What Is Halal JELL-O®?

G. D. Palmer

The term “Halal JELL-O®” is often used to refer to gelatin or gelatin substitutes that are permissible under Islamic dietary law. Despite this colloquial use of its trademarked name, Kraft Foods' JELL-O® brand gelatin is not suitable for a halal diet, even though it may be listed as kosher, or acceptable under Jewish dietary laws. Halal JELL-O® includes gelatin derived from cattle or fish killed according to Islamic law, as well as plant-based gelatin substitutes like agar or carageenan. Halal gelatin and gelatin substitutes come in many of the same flavors as ordinary gelatin, but may differ slightly in texture.

In a general sense, "halal" means "lawful" in Arabic, and refers to that which is permitted under the rules of Islam.
In a general sense, "halal" means "lawful" in Arabic, and refers to that which is permitted under the rules of Islam.

Many Muslims refer to substitutes for the popular JELL-O&reg brand of gelatin desserts as “halal JELL-O®,” even though Kraft produces no gelatin products that are either halal certified or effectively halal. JELL-O&reg brand products may contain gelatin from a variety of animals not suitable for consumption under Islamic or Jewish dietary law, including pigs. Some Jewish authorities believe that porcine gelatin is acceptable since it is significantly altered and no longer resembles pork, but no Islamic authorities use this definition.

Gelatin containing pig products is forbidden under Islamic law.
Gelatin containing pig products is forbidden under Islamic law.

Products may qualify as “halal JELL-O®” if they are made from gelatin derived from fish or cattle slaughtered using a non-serrated blade and no stunning procedure. These gelatins are available in a wide range of flavors and colors, similar to those of mainstream gelatin, but they often set up with a softer texture than pork-derived products. Depending on the manufacturer, these halal products may include localized flavors such as lychee or durian that aren't common on the North American or European markets. Animal-derived halal gelatin is acceptable for desserts made in containers or for adding to puddings as a stabilizer, but performs less well in standalone molds or cut shapes.

Vegetarian gelatin substitutes are also acceptable under Islamic dietary law, and are usually derived from seaweed. Agar is often used in east Asian desserts, along with coconut milk and fruit, and tends to be very firm and slightly opaque, with a less bouncy texture than gelatin. It cuts cleanly and performs well in molds, but can be slightly brittle. Carageenan-derived products are similar in texture and appearance to gelatin, but are available in a relatively limited range of flavors and tend to stretch and thin when cut or torn. Coconut gel works as a gelatin substitute in snacks, but is difficult to make at home, and is usually encountered only in manufactured products.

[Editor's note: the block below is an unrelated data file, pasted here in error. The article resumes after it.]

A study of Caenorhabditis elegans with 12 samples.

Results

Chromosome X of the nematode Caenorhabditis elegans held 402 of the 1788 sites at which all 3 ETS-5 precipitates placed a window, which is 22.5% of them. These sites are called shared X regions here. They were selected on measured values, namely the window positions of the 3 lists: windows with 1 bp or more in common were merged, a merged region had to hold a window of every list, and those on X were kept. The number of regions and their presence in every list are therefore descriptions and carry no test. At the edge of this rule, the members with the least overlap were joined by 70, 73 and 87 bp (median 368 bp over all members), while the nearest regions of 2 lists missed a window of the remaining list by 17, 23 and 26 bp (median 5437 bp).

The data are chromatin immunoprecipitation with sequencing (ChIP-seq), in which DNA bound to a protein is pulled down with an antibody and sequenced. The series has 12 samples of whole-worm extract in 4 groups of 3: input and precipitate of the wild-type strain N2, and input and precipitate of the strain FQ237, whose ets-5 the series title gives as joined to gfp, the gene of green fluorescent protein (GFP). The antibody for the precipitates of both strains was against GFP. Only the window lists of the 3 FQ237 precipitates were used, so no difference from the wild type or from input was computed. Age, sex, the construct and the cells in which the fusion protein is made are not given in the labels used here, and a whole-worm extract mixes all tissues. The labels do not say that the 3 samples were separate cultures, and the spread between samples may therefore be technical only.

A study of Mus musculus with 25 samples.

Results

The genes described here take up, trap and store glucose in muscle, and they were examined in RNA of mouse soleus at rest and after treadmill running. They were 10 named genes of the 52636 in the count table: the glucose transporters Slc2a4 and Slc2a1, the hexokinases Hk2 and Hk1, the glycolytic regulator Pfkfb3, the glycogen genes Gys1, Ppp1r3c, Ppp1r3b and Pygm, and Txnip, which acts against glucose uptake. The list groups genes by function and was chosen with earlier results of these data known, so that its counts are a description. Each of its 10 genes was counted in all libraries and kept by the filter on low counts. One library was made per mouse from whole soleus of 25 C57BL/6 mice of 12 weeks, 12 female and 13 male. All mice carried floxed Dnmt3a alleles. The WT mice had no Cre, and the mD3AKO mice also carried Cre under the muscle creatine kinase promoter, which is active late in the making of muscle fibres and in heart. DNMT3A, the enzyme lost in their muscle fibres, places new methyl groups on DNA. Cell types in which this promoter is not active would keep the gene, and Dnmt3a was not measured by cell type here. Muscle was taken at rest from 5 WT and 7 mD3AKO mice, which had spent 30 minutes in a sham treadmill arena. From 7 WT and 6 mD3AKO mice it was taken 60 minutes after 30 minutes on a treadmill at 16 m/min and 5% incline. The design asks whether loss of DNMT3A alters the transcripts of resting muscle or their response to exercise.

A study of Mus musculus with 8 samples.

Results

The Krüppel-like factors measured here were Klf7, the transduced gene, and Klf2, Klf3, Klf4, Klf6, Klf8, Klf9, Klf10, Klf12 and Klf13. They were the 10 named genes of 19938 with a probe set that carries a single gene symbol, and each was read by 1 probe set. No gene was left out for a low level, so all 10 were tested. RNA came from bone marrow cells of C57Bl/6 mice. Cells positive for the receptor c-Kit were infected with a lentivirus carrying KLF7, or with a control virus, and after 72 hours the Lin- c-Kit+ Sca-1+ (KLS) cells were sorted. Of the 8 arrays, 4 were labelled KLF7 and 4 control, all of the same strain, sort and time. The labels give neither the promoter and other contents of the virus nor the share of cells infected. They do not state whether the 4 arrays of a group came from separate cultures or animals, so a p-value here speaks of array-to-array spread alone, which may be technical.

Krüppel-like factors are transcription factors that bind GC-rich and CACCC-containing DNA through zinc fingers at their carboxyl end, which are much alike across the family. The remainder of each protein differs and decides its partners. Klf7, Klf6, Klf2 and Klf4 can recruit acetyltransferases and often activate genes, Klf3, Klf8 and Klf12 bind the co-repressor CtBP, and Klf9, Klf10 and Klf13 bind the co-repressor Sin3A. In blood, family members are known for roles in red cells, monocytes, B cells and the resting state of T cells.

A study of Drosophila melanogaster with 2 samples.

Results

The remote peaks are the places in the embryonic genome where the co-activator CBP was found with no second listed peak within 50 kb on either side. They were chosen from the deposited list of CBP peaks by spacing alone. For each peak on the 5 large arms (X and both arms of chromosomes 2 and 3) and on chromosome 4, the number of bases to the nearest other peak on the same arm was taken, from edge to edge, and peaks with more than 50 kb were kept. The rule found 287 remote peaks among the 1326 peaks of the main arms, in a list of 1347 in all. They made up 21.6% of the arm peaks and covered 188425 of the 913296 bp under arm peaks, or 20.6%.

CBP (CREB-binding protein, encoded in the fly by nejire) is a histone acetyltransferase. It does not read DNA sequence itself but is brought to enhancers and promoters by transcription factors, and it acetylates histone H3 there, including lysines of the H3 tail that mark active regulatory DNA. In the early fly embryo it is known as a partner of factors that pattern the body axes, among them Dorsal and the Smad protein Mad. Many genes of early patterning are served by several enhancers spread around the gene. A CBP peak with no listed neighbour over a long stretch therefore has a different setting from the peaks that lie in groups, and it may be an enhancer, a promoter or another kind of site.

Halal markets sell a wide variety of halal foods, including halal gelatin.
Halal markets sell a wide variety of halal foods, including halal gelatin.



@candyquilt-- If your local Middle Eastern or Southeast Asian grocery doesn't have it, they do sell halal jello mixes online. If none of these are an option, just buy vegetarian jello. There are no animal products whatsoever in these, so they're definitely halal.

I buy halal jello sometimes from the Middle Eastern grocery. The best part is that they have flavors that vegetarian brands don't have like mango. I love the mango flavored jello. It's delicious.


@candyquilt-- I'm not an expert on this topic and I don't want to give you the wrong advice. You may want to ask other Muslims in the community but the best thing to do would probably be to ask your imam.

I personally feel that kosher jello is an acceptable substitute to halal jello since it does not contain pork. Now we can't generalize and say that all kosher foods are halal. That wouldn't be correct. I mean, wine is considered kosher according to Jewish dietary law but it is clearly forbidden in Islam.

When it comes to meat products though, Kosher laws are very similar to Islamic laws. Pork is not allowed and the animals are treated and slaughtered similarly. In this sense, I wouldn't mind eating kosher jello. But like I said, you should ask an expert. Please don't go by just my opinion. Matters of religion can't be left to assumptions and guesses. So ask your imam or cleric and you should avoid products you are not sure about.


I can't find halal jello in any of the groceries and markets near me. But I can find kosher jello. Is kosher jello really unacceptable as a substitute?